December 29, 2012

Web Standards and Security

This is the second in a series of posts about my personal priorities for the W3C Technical Architecture Group.

Computer security is a complex topic, and it is easy to get lost in the detailed accounts of threats and counter-measures. It is hard to get to the general architectural principles. But fundamentally, computer security can be thought of as an arms race:  new threats are continually being invented, and counter-measures come along eventually to counter the threats. In the battle between threats and defense of Internet and Web systems, my fear is that the "bad guys" (those who threaten the value of the shared Internet and Web) are winning. My reasoning is simple:  as the Internet and the Web become more central to society, the value of attacks on Internet infrastructure and users increases, attracting organized crime and threats of cyber-warfare.

Further, most reasoning about computer security is "anti-architectural":  the exploits of security threats cut across the traditional means of architecting scalable systems—modularity, layering, information hiding. In the Web, many security threats depend on unanticipated information flows through the layer boundaries. (Consider the recently discovered "CRIME" exploit.) Traditional computer security analysis consists of analyzing the attack surface of a system to discover the security threats and provide for mitigation of those threats.

New Features Mean New Threats

Much of the standards community is focused on inventing and standardizing new features. Because security threats are often based on unanticipated consequences of minor details of the use of new features, security analysis cannot easily be completed early in the development process. As new features are added to the Web platform, more ways to attack the web are created. Although the focus of the computer security community is not on standards, we cannot continue to add new features to the Web platform without sufficient regard to security, or to treat security as an implementation issue.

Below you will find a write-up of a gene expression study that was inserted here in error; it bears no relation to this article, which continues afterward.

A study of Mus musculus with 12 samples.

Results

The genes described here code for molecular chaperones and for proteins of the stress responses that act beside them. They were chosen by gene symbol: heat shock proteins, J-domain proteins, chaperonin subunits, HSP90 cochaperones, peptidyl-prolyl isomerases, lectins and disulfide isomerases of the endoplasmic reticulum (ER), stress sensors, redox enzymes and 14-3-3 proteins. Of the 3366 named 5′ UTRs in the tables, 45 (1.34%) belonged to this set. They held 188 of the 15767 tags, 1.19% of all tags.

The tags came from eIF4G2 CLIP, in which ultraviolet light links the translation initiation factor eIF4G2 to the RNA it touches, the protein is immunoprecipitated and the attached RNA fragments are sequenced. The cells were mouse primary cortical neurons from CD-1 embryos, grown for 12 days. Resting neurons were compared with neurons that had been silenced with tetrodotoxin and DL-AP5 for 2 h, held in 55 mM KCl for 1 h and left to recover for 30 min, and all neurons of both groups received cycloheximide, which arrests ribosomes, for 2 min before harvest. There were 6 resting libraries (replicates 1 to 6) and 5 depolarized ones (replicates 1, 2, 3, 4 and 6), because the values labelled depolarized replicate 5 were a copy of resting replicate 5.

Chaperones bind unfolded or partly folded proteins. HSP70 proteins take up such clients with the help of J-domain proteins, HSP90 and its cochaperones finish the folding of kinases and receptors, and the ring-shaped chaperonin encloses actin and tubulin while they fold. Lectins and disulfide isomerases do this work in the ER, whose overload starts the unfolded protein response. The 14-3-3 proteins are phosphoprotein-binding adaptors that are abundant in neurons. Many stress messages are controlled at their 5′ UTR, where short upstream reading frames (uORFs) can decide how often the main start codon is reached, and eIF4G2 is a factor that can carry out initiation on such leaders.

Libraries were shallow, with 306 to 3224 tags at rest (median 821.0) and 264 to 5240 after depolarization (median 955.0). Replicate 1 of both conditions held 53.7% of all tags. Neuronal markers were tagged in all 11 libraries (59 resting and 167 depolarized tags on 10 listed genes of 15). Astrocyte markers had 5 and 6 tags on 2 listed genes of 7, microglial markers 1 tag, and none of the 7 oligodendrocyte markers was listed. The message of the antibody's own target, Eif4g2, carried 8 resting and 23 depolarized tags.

Governance and Security

In many ways, every area of governance is also an area where violation of the governance objectives has increasing value to an attacker. Even without the addition of new features, deployment of existing features in new social and economic applications grows the attack surface. While traditional security analysis was primarily focused on access control, the growth of social networking and novel features increases the ways in which the Web can be misused.

The W3C TAG and Security

The original architecture of the Web did not account for security, and the W3C TAG has so far had insufficient expertise and energy to focus on security. While individual security issues may be best addressed in working groups or outside the W3C, the architecture of the Web also needs a security architecture, which gives a better model for trust, authentication, certificates, confidentiality, and other security properties.

3 comments:

  1. 1. Incorrect programs often can be coerced into attacker-controlled behavior
    2. Program correctness is too hard
    3. Therefore....

    (rpg may have the last laugh in the battle with New Jersey; the consequences of #1 are a catastrophe in C.)

    As you say, standardization is different from writing software. The bottleneck of common agreement we reach on protocols may make them more amenable to analysis than programs.

    I am not sure where to place the yellow out-of-scope tape for IETF or W3C activities.

    I don't think the disaster of black-and-white trust is going away until the naive ontology of X.509 is discredited. As the Semantic Web itself becomes less binary there may be some useful convergence for trust management.



    I see security not so much anti-architectural, but more anti-workflow. Security requirements are often seen as speed bumps and greeted with grunts and groans by any but the most pragmatic and security-conscious engineer.